Employees fortunate enough to have an employer-sponsored retirement savings plan now know (or should know) not to fill it up with too much stock in the company they work for. Many have also learned, some the hard way, about the benefits of diversifying where they stow their money. But the investing industry has one more curveball to throw at workers : the fees they pay for their retirement plans.
Named for a section of the tax code, 401(k) plans allow workers to set aside and invest a portion of their pretax income -- up to $14,000 in 2005 for those under 50 -- in mutual funds or other group investment vehicles. Some employers also match a portion of their employees' savings, and then all the money grows on a tax-deferred basis.
401(k) plans that require that some employee contributions be invested in company stock carry an extra element of risk. Workers at Enron, WorldCom and Marsh & McLennan lost significant savings when their employers were entangled in investigations.
(Brett Coomer -- AP)
_____2005: Where To Invest_____
Risks Cloud a Sunny Forecast (The Washington Post, Jan 2, 2005)
Big Deals, Big Firms Rule Picks (The Washington Post, Jan 2, 2005)
Investing Is a Rebalancing Act (The Washington Post, Jan 2, 2005)
Regular Tinkering Keeps Allocations in Check (The Washington Post, Jan 2, 2005)
Options Exist to Hedge Against Rising Interest Rates (The Washington Post, Jan 2, 2005)
No-Leak 401(k)s: Albert B. Crenshaw writes, "One of the key problems that continute to beset 401(k) and related retirement savings plans is what experts call "leakage" -- the tendency of account holders to withdraw their money when they change jobs and spend it."
These arrangements, called defined-contribution plans, are supposed to provide workers with the fiscal discipline and tax advantages they need to provide for their old age, but recent scandals and federal investigations suggest that some investors need to be wary.
That's because 401(k) plans, like the mutual fund investment options they offer, charge management fees, and the higher those fees are, the more they cut into long-term returns. "In many cases, if you are not getting matched [with money from your employer], you're better off not investing in a 401(k) at all because the higher fees offset the tax advantage," said University of Mississippi law professor Mercer Bullard, who has testified about fees to the part of the Labor Department that regulates these plans.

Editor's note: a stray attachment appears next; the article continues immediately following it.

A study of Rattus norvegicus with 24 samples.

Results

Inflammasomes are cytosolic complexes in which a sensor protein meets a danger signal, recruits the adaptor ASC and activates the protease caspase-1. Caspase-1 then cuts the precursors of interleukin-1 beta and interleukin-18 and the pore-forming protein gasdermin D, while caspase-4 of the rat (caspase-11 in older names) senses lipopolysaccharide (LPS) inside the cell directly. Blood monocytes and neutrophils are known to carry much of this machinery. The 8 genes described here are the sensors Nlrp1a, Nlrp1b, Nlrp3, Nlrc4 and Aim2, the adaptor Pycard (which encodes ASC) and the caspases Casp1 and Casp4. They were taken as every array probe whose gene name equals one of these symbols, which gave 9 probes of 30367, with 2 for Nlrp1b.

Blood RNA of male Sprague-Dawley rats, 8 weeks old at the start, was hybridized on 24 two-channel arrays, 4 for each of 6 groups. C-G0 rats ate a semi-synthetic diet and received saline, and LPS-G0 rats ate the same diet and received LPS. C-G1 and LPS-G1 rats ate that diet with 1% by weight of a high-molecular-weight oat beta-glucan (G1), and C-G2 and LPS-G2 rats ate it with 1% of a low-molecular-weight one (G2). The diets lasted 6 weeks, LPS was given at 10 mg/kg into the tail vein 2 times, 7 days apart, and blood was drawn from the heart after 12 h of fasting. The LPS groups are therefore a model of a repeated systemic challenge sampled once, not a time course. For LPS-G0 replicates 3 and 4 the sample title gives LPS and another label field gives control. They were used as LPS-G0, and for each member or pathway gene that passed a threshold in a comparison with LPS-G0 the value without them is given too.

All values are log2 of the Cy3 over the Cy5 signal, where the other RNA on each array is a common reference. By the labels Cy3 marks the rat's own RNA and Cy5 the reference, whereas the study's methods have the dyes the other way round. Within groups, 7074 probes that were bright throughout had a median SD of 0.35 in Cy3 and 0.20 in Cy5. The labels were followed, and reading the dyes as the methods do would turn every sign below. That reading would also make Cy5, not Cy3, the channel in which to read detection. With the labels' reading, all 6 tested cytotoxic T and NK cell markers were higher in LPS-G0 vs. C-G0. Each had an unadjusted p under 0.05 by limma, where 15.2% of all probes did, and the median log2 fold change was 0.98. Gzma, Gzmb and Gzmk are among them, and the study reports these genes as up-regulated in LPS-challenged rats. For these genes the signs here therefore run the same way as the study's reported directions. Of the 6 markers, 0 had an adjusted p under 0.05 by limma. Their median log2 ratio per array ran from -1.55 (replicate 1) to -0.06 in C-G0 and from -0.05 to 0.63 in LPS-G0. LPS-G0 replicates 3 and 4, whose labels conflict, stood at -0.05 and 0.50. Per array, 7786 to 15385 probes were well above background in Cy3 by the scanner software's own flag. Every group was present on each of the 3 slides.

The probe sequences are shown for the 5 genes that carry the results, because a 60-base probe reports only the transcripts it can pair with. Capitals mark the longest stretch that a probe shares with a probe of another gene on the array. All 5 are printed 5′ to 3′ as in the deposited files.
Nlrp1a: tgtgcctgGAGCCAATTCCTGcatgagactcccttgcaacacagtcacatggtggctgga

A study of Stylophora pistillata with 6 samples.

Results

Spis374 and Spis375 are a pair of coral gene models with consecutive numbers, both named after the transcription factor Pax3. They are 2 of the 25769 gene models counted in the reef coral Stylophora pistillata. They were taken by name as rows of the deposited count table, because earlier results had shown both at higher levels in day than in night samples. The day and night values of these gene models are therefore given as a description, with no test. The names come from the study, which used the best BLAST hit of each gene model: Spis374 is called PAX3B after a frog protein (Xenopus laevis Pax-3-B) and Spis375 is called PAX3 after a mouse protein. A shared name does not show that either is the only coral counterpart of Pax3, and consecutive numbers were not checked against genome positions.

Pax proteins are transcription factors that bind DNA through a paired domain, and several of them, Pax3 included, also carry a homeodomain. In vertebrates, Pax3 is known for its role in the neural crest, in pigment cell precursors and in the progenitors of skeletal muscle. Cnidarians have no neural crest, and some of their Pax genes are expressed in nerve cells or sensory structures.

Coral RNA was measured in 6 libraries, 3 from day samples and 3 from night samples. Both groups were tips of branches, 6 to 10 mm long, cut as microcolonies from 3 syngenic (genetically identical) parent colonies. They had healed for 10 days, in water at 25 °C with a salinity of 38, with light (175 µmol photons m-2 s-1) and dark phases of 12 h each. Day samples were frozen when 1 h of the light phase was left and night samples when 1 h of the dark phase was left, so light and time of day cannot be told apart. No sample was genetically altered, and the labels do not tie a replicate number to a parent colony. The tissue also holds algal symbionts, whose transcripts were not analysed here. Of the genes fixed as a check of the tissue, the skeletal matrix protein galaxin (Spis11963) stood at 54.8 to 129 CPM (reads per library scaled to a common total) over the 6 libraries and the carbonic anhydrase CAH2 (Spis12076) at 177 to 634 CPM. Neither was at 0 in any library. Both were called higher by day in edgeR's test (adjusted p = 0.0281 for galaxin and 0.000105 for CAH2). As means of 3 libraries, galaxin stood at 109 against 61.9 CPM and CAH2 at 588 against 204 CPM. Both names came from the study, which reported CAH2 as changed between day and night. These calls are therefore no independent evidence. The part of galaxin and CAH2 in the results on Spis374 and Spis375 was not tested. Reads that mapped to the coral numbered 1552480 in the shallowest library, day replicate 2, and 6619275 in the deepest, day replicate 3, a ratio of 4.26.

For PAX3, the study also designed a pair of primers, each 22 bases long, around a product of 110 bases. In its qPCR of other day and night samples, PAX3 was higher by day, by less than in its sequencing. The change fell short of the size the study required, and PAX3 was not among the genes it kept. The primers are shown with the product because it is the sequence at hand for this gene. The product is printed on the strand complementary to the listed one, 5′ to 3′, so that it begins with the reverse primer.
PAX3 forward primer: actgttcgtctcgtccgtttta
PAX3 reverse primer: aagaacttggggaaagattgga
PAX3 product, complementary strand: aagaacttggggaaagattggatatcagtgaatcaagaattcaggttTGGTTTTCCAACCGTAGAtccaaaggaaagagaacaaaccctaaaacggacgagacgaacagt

For example, an investor who puts the maximum $14,000 a year in for 30 years into a plan with a 2 percent annual fee and gets 8 percent returns (before fees) will retire with $984,000 in his or her plan. The same amount of money over the same period of time in a plan with a 0.25 percent fee will grow to almost $1,394,000, a difference of $410,000, far more than the possible tax savings.
Some plans also make employees doubly vulnerable to their employers' problems by requiring employees to put the matching contributions into company stock. Workers at WorldCom Inc., Enron Corp. and more recently Marsh & McLennan Cos. all saw much of their retirement savings evaporate when their companies were caught up in financial scandal.
But here's the rub: Investors have very little control over their 401(k) options. When investing on their own, they can pick and choose among 8,000 mutual funds, using standardized charts on fees and returns to pick the best. No such luck when they turn to their retirement plans. Employers select the investment options for 401(k) plans, including the fees that their employees will pay, and to make those decisions, many employers rely on consultants and financial services firms that sometimes have an incentive to push high-fee plans.
An estimated 42 million American workers had $1.9 trillion in 401(k) accounts by the end of 2003, the most recent figures available from the Employee Benefit Research Institute. About 45 percent of the assets were in equity mutual funds, 16 percent were in company stock and 9 percent were in balanced funds, which mix stocks and bonds. The rest were in bond funds, money market funds and stable-value funds such as guaranteed investment contracts.
There are no comprehensive data on the fees that plan administrators and mutual fund companies made from these plans, but critics say the profits are enormous.
Part of the problem is that while the Securities and Exchange Commission requires ordinary mutual funds to disclose their costs in a standardized fashion that makes comparisons easier, 401(k) plans do not have to.